Chicago Woman Fights $105K in Parking Tickets

April 11, 2013
Jennifer Fitzgerald says her car was abandoned by her former boyfriend for three years in an employee parking lot at O'Hare International Airport.

Jennifer Fitzgerald has been fighting more than $100,000 in parking tickets on her junk car after she says it had been abandoned by her former boyfriend for three years in an employee parking lot at O'Hare International Airport.

A Cook County judge hearing her lawsuit against the city and her ex-boyfriend even wondered aloud Wednesday in court how all those tickets -- sometimes as many as four in a single day -- could have been stashed on the windshield.

"I don't even know where the room for all the tickets were. Where'd you put them all?"" Judge Thomas Allen asked rhetorically in his Daley Center courtroom.

The judge ended up dismissing the lawsuit after concluding that Fitzgerald's attorney hadn't done all he could do to first fight the tickets with the city's Administrative Hearings Department, but he gave Fitzgerald's attorney about another month to refile the lawsuit while urging all the parties in the meantime to try to reach a settlement.

Roderick Drew, a spokesman for the city's Law Department, said he believes the $105,000 in parking tickets and penalties racked up by Fitzgerald mark the most ever in city history against a single car owner.

Fitzgerald said her ex-boyfriend, Brandon Preveau, bought the 1999 Chevy Monte Carlo from a relative for $600, but she conceded the car's title was in her name. She said Preveau paid the car's liability insurance and drove the vehicle to work every day. When he lost his keys to the car, she said she gave him her spare set.

Fitzgerald's lawyer, Robin Omahana, complained in court Wednesday that the city should have taken other measures than hitting the car with hundreds of tickets -- like tow the Monte Carlo.

The judge said he sympathized with the "human elements" of the story.

"As I read the complaint, it tells a very not uncommon story of people getting caught up in the Department of Administrative Hearings," said Allen, himself a former Chicago alderman. "And then deadlines pass and then they come to court trying to turn back the hands of time.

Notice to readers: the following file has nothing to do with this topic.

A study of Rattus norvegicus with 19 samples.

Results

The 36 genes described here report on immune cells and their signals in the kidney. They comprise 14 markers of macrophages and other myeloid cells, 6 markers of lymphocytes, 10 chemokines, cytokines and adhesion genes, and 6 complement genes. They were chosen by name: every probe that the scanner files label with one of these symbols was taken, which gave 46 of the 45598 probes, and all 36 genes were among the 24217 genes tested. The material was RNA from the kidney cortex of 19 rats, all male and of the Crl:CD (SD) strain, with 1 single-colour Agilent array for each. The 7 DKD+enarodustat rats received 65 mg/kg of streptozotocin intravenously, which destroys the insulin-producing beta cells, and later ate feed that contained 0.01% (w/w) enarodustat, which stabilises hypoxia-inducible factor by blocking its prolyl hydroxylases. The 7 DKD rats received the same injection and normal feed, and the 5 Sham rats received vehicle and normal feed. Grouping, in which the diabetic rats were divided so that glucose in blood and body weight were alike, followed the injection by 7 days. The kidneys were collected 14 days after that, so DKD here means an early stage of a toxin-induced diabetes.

"The other thing I see in the complaint is a ridiculous, robotic march to write tickets on a $600 junk car," he said.

But why, asked Preveau's attorney, Matt Prengaman, didn't Fitzgerald ever move the car herself during the time it sat in the O'Hare lot from November 2009 to October 2012?

"She's trying to pass the buck onto (Preveau) for her inaction," Prengaman said.

Fitzgerald later told reporters that she couldn't access the car because it was parked in an employee lot. Her ex-boyfriend worked for United Air Lines.

"I have no clearance," Fitzgerald said. "My father works security at O'Hare. He couldn't get in that lot. What am I supposed to do? I'm just an ordinary citizen. It was impossible for me to get it."

While the judge has implored all sides to reach a settlement, the city said it had previously offered to resolve the matter for just $4,460, including $2,000 for parking tickets and penalties Fitzgerald had incurred on a different vehicle. The rest of the payout would resolve the more than $100,000 in tickets that piled up at O'Hare.

Fitzgerald said she rejected the offer because Preveau refused to pay his share.

"I think it's just a big misunderstanding," Fitzgerald told reporters later. "I could not get into that lot to move the car. He had the car keys, he had everything."